Saturday, February 9, 2008

This one's for the ladies...(women's cricket)

This one’s for the ladies...(women’s cricket)

We all know that the male human species plays the brilliant game of cricket. Men’s cricket has been a big influence on world cricket, but what about the feminine species of humans? Little is known about them but yes there is cricket played around the planet by females.

It is said that women’s cricket dates back to 26 July 1745 when a newspaper called The Reading Mercury wrote a report about a game that involved teams from Bramley and Hambledon near the city of Guilford in Surrey. Here is the report printed about that cricket match:

“The greatest cricket match that was played in this part of England was on Friday, the 26th of last month, on Gosden Common, near Guildford, between eleven maids of Bramley and eleven maids of Hambledon, all dressed in white. The Bramley maids had blue ribbons and the Hambledon maids red ribbons on their heads. The Bramley girls got 119 notches and the Hambledon girls 127. There was of bothe sexes the greatest number that ever was seen on such an occasion. The girls bowled, batted, ran and catches as well as most men could do in that game."

As in men’s cricket in that time, underarm bowling was the method of cricket deliveries. Sources say that the round-arm action we see today was devised in the early 1800’s by a lady called Christina Willes. She decided that the round-arm action would be more appropriate especially for the ladies because sometimes when bowling underarm their arms got tangled up in the skirts they wore back in the day. This appeared to be a more convenient way for women to bowl. However it was a fellow by the name of Tom Walker who actually invented the round-arm action, which goes back to the 1790s.

In 1887 the first official women’s cricket club, called the White Heather Club, was formed at Nun Appleton in Yorkshire. In 1890 a highly successful tour of England by a team known to be the Original English Lady Cricketers was undertaken, with large crowds attending their exhibition matches. The team also made a handsome financial profit from the tour but unfortunately due to their manager running away with their profits the team were forced to split up. A photograph of the team can be viewed by going HERE. An article from James Lillywhite’s Cricketers Annual reads the following:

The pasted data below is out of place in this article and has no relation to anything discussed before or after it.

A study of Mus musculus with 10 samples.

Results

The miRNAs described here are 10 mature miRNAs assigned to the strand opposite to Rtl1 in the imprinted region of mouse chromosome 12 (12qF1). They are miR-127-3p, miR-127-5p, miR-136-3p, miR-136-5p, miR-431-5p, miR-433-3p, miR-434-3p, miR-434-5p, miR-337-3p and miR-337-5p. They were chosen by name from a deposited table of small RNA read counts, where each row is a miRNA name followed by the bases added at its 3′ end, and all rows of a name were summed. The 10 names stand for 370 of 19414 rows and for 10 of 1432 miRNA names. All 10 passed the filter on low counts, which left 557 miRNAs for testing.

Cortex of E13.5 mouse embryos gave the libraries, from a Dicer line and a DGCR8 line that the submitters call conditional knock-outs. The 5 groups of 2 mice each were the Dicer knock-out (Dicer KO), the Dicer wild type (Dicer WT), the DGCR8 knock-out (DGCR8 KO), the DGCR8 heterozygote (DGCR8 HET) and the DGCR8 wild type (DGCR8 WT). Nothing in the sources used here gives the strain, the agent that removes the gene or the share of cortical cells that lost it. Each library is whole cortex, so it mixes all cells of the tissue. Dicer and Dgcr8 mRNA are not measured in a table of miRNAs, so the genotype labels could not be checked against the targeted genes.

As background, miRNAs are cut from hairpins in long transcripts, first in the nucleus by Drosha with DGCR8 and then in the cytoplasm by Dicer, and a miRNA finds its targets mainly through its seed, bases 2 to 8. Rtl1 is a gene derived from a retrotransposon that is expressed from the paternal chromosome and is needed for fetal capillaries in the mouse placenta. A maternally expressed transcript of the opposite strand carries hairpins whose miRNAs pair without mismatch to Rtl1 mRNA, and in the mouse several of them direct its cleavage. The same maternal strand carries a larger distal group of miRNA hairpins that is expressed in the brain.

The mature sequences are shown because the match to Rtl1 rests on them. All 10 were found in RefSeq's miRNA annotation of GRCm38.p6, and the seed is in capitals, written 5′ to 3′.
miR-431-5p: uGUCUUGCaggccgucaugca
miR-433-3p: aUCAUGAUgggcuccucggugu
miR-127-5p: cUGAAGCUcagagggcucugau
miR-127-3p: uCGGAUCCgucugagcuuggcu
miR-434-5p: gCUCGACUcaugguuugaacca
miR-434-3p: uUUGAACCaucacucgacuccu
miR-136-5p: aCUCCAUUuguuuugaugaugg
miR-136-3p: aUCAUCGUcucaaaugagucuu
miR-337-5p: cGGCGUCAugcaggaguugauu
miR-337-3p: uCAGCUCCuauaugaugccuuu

"As an exercise, cricket is probably not so severe as lawn tennis, and it is certainly not so dangerous as hunting or skating; and if, therefore, the outcome of the present movement is to induce ladies more generally to play cricket, we shall consider that a good result has been attained."

The Women’s Cricket Association in England was formed in 1926 and 8 years later in the 1934-35 season they embarked on their first overseas tour, going to the other side of the world to Australia and New Zealand. This tour also included an important milestone for women’s cricket when they played the first Women’s Test Match against Australia in December 1934. Then in 1958 the International Women’s Cricket Council was formed to organise women’s cricket which is regularly played in Australia, England, New Zealand, South Africa, West Indies, Denmark and the Netherlands. During the season of 1960-61 England went on a tour to South Africa. In women’s domestic cricket in Australia in 1967 the hard hitting right-hander Jan Molyneaux made a then record 298 for Olympic v Northcote in Melbourne’s A grade final.

Three years later MCC’s Easter coaching classes were held at Lords and were attended by Sian Davies and Sally Slowe of Cheltenham Ladies’ College (a photo of this event can be seen in Wisden at Lords, page 129). This broke the gender barrier for cricketers attending these coaching classes at the time.

The first official Women’s Cricket World Cup was held in England in 1973 which was 2 years before the first Men’s Cricket World Cup event was held. England won this event, and 6 years later the first women’s Test was played at Lords between England and Australia. In 1998 the Women’s Cricket Association handed the organisation and planning over to the England and Wales Cricket Board (ECB). After the eighth Women’s World Cup in 2005 the International Women’s Cricket Council was officially integrated under the International Cricket Council and under them the Women’s Cricket Committee formed and they handle the issues and matters that are specific to women’s cricket.

If you would like to find out more about the women’s version of the great game, click HERE. Another helpful link I recommend is the following: .

Womens Cricket2

Womens Cricket

New Zealand Womens Cricket Team

Indian Womens Cricket Team

Australian Womens Cricket Team

*Acknowledgements to, James Lillywhite’s Cricketers Annual,,, The Reading Mercury.